Wednesday, January 11, 2006

Don't Call the scribe A Traitor!

The “New York Times’” David Sanger, their White House guy, wrote a piece headlined, “In Strong Words, Bush Tries to Redirect Debate on Iraq,” in which the president calls his opponents traitors. This is not news at all and Sanger knows it. The death of a thousand trees made pulp for this press release are on his conscience.

The (p)resident, as is his wont, gave a speech in front of a bunch of soldiers and basked in standing ovations, his favorite pastime and conception of dissent-less democracy.

“We have,” w. said, “A responsibility to our men and women in uniform, who deserve to know that once our politicians vote to send them into harm’s way, our support will be with them in good days and in bad days.”


Just a few days earlier the “Washington Post” ran yet another story on the inadequate armor these guys were sent into war with.

The (p)resident’s love for the troops preluded him having a real plan for occupying Iraq. It hasn’t prevented him from vacationing more than any other American president, whilst asking the boys and girls he honors so much for extended tours and postponed decommissioning.

His sanctification of the military class is unnecessary. They are capable of understanding that the reasons for combat are still a matter of debate. They debate them as well, if recent polls showing a loss of support for the war among the enlisted, are any measure.

And they are imperfect as any of us.

If the scribe lacked a sense of decency, he’d link you up to some of the soldiers’ Web pages and blogs where the photos of Iraqi men with brains spilling from their shattered skulls are usually accompanied with written narratives full of what, shall we say, is not thought of the highest human type.

Bush told the veterans, “The vast majority of Iraqis prefer freedom with intermittent power, to life in the permanent darkness of tyranny and terror.”

The (p)resident is always long on ringing words and short on facts and authentic sentiment. As he dispassionately noted just a few days ago, 30,000 to 35,000 Iraqis have died in his little scapatella.

It’s appropriate for a man of Bush’s colossal insensitivity to divine the sentiment of another nation’s citizens, but a more relevant question might be: Would you rather live in tyranny or darkness, or get your brain dashed against the windshield while driving your family through a checkpoint?

In another “Washington Post” piece, the writer picked up a quote from the same speech that either Sanger or his editors chose to forego: “But [Bush] termed irresponsible, ‘the partisan critics who claim that we acted in Iraq because of oil, or because of Israel, or because we misled the American people’.”

w.’s free to call the highway scribe whatever he wants, but here goes: “You went to war because of the vital economic, and geopolitical significance Iraqi oil reserves represent to the United States (as currently constituted). Furthermore, you lied by confiding in those you govern that the leader of that country possessed the means to wipe out any American city he chose. And that with the help of Saudi terrorists you’ve never actually linked to that leader.”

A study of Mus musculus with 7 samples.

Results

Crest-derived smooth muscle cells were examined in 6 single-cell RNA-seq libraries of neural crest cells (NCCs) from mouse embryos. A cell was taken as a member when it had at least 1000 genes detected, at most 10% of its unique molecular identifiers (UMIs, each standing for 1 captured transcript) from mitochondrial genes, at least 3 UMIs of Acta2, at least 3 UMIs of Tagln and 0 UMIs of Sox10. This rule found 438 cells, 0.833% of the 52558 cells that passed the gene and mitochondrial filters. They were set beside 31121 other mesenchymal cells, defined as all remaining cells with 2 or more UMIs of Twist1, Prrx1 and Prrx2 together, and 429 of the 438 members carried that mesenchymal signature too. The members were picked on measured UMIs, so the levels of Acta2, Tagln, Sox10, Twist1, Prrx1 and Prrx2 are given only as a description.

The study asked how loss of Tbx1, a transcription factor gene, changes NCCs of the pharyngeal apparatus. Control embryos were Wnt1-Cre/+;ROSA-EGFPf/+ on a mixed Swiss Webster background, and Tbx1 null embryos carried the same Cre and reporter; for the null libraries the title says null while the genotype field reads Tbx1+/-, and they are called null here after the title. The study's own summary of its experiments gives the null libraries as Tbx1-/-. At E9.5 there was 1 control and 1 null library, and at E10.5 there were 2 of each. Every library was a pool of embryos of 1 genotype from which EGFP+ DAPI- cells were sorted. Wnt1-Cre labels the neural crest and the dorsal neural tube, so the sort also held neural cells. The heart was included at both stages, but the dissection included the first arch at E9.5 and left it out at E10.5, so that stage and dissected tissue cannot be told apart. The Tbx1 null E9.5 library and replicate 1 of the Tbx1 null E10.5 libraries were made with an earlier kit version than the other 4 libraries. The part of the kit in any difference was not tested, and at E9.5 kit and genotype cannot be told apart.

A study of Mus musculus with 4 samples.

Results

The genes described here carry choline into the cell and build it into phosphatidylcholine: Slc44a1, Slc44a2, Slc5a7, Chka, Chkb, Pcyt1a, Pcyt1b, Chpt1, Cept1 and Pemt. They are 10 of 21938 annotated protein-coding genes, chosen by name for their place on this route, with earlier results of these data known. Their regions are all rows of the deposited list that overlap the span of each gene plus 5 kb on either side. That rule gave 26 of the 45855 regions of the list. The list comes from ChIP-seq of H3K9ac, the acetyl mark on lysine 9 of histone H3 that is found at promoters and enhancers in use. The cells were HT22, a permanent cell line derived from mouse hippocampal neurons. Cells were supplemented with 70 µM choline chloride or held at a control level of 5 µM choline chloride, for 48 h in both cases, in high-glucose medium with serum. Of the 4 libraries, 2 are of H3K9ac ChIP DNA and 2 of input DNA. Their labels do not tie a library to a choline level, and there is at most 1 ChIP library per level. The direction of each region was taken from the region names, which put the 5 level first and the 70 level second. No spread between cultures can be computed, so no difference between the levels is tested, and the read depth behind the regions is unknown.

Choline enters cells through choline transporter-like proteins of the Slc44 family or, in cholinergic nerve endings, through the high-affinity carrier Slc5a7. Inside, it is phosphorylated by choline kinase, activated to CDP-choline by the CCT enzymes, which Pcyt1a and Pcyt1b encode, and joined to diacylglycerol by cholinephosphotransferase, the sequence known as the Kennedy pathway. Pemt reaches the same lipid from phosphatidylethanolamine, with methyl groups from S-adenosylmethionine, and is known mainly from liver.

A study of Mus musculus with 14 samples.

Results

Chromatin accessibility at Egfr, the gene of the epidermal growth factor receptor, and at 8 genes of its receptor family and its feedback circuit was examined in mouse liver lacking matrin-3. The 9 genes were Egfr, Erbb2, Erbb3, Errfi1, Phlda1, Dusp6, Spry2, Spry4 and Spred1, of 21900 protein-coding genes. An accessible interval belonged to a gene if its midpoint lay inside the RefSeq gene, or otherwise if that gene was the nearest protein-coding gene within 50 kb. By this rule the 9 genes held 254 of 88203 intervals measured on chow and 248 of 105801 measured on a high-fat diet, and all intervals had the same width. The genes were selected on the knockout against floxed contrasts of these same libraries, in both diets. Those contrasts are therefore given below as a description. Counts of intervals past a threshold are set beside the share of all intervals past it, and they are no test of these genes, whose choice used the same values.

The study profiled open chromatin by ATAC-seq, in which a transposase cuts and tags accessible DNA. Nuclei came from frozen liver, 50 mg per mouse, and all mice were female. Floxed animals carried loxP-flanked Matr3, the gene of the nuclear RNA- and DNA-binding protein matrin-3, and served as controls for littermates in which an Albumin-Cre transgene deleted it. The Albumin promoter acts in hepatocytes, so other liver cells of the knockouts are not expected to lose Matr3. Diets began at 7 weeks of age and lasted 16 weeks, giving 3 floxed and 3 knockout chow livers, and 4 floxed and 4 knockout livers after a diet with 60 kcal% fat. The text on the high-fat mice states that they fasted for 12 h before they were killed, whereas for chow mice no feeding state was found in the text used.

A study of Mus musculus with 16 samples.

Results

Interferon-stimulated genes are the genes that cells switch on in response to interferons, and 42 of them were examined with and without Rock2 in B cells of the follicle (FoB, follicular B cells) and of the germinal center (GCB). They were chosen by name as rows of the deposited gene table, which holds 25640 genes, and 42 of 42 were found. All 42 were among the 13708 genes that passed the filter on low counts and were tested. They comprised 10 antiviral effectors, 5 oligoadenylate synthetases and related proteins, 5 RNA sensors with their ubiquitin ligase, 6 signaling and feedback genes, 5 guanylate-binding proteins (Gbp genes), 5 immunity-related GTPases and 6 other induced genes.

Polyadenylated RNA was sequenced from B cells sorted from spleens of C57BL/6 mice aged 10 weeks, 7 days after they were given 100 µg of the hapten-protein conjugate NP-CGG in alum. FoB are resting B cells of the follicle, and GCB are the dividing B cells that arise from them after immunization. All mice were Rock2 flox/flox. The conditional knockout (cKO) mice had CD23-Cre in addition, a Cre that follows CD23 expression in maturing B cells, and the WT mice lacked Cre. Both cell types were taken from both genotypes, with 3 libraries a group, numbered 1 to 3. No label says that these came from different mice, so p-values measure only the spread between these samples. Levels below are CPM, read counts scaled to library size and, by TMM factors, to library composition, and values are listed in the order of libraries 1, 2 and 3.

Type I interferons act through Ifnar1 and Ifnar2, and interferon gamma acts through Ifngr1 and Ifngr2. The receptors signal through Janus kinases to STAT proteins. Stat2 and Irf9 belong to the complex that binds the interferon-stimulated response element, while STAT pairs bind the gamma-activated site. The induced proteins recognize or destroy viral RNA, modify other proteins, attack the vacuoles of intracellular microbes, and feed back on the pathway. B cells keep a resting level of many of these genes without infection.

Now, you tell the scribe what truly inspires the angry insurgent in Fallujah more: the chemical agent that suffocated his friend to death, the armored vehicle that ran his kid over, or someone far away pointing out gaping holes in the administration’s war policy.

You don’t stop criticizing someone who went to war because he went to war and now you’re undermining the war.

Be a hero. Undermine it.

Set a timetable and begin pulling these men and women out. There is no cowardice and no defeatism in this. Simply common sense and realpolitik as men like Bush and Co., are used to applying the world over.

And here’s a little more dissent. One of the guys you sent off to die came from a base here in California:

Governor Schwarzenegger today released the following statement regarding the death of Sgt. Adam L. Cann of Davie, Fl.

“Californians owe a debt of gratitude to the brave men and women who risk their lives in service of their country. Sgt. Cann gave his life upholding the ideals of this nation and his sacrifice reminds us of the dangers faced on all of our behalf every day. Maria and I send our sympathies to Adam’s family as they mourn the loss of a beloved and noble Marine.”

Cann, 23, died Jan. 5, from injuries sustained when a suicide bomber attacked an Iraqi police recruitment center in Ar Ramadi, Iraq. He was assigned to Security Battalion, Marine Corps Base, Camp Pendleton, CA. During Operation Iraqi Freedom, his unit was attached to the 2nd Marine Division, II Marine Expeditionary Force.

In honor of Sgt. Cann, Capitol flags will be flown at half-staff.

There should be no greater outrage, not over criticism of the policy, not over treading upon the Imperial Presidency lodged in Bush’s mined, than over the death of these men and women and way it happens.


On this date in 1912 the International Workers of the World began its “bread and roses” strike in Lawrence, Mass.